Gallery puts spotlight on ranching
LINCOLN, Neb. (KOLN) - The next time you pay a visit to the campus of Chadron State College, you might want to visit the Coffee Gallery, for an education in ranch heritage.
We talked with First National Bank of Chadron President Steve Cleveland about the gallery. “It will walk you through the development of the cattle industry in northwest Nebraska, southwest South Dakota, and eastern Wyoming,” Cleveland said. “When you walk into the exhibit, you will learn how the cattle were brought into this area, you’ll learn about the cowboys who took care of the cattle, and then you’ll learn a little bit about open range ranching.”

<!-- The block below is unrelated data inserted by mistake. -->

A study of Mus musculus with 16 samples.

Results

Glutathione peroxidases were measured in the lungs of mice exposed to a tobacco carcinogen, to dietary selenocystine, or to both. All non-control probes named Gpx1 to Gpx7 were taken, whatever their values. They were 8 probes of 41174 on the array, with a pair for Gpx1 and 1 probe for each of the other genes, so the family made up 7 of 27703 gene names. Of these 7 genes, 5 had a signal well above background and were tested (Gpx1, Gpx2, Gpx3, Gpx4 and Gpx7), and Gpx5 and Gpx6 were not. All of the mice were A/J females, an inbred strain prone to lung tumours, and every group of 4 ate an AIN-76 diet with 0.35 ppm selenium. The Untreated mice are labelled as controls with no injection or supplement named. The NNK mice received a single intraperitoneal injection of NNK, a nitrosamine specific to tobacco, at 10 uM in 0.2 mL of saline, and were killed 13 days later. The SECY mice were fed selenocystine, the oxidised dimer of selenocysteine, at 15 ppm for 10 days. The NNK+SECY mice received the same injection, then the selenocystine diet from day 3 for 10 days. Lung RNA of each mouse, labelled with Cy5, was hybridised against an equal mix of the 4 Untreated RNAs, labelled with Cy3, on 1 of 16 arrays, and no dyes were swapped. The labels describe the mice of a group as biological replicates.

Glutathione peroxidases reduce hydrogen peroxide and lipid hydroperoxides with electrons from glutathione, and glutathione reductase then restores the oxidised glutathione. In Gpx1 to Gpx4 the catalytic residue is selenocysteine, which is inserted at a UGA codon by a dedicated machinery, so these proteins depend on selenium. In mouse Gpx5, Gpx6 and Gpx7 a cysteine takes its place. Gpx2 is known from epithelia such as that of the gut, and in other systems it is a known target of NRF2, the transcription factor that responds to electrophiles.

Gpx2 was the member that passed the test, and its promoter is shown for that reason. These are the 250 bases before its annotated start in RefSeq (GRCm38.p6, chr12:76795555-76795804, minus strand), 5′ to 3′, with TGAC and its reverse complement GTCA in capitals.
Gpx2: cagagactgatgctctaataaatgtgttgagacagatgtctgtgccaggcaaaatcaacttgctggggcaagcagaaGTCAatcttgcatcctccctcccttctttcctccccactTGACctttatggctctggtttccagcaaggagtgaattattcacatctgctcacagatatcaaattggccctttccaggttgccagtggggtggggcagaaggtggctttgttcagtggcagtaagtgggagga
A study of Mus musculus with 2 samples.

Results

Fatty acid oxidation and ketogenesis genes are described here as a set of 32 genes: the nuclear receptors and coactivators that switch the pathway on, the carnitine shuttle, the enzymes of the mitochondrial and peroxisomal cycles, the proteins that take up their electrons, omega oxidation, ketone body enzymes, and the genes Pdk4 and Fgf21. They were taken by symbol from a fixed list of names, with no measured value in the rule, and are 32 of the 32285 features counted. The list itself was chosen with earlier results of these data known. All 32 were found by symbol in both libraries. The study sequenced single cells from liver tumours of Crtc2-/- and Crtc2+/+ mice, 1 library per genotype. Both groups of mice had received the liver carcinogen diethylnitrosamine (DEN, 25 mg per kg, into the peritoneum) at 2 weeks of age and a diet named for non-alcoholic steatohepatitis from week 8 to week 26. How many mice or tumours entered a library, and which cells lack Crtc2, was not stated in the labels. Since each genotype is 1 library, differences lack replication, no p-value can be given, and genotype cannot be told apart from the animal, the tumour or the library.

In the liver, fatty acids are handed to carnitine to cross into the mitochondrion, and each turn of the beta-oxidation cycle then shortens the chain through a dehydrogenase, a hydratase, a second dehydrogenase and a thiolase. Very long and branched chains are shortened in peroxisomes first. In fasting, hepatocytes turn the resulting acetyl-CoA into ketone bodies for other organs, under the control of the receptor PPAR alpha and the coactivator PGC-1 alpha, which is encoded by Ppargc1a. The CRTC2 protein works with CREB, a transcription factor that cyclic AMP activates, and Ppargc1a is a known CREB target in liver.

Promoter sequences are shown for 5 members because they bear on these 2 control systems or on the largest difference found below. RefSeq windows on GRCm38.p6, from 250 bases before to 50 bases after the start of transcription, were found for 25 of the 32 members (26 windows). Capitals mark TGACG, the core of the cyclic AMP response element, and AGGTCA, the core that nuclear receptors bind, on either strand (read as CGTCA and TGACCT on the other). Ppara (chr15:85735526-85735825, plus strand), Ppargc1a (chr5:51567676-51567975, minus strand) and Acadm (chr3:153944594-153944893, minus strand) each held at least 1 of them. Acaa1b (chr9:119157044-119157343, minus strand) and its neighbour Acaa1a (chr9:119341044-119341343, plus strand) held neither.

Cleveland says “open range” ranching is the type of ranching that happened before the settlers came. “Each of the large ranches had their own range that they would manage, and they would keep their distance. They probably had about 60 miles of social distancing,” Cleveland joked. “Each ranch would have a range of 200 to 300,000 acres.”
The Coffee Gallery also features a look at how women played a big role in early ranching history. In some cases, a spouse would pass away. And the other spouse would continue on with the legacy of the ranch. That is remembered at the gallery.
Early banking is highlighted at the gallery as well. Bartlett Richards, who was connected to the Spade Ranch, established First National Bank of Chadron. In 1900, Col. C.F. Coffee traded 2,000 head of cows and calves for controlling interest in the bank. Steve Cleveland is now president of that bank. “Over the years, we’ve put together lots of archives, and we’ve used those archives to help document the development of the cattle industry.”
The Coffee Gallery helps to memorialize the impact of C.F. Coffee on the Chadron community. His grandson, Bill Coffee, and wife Virginia, were the lead donors for the construction of the Coffee Gallery.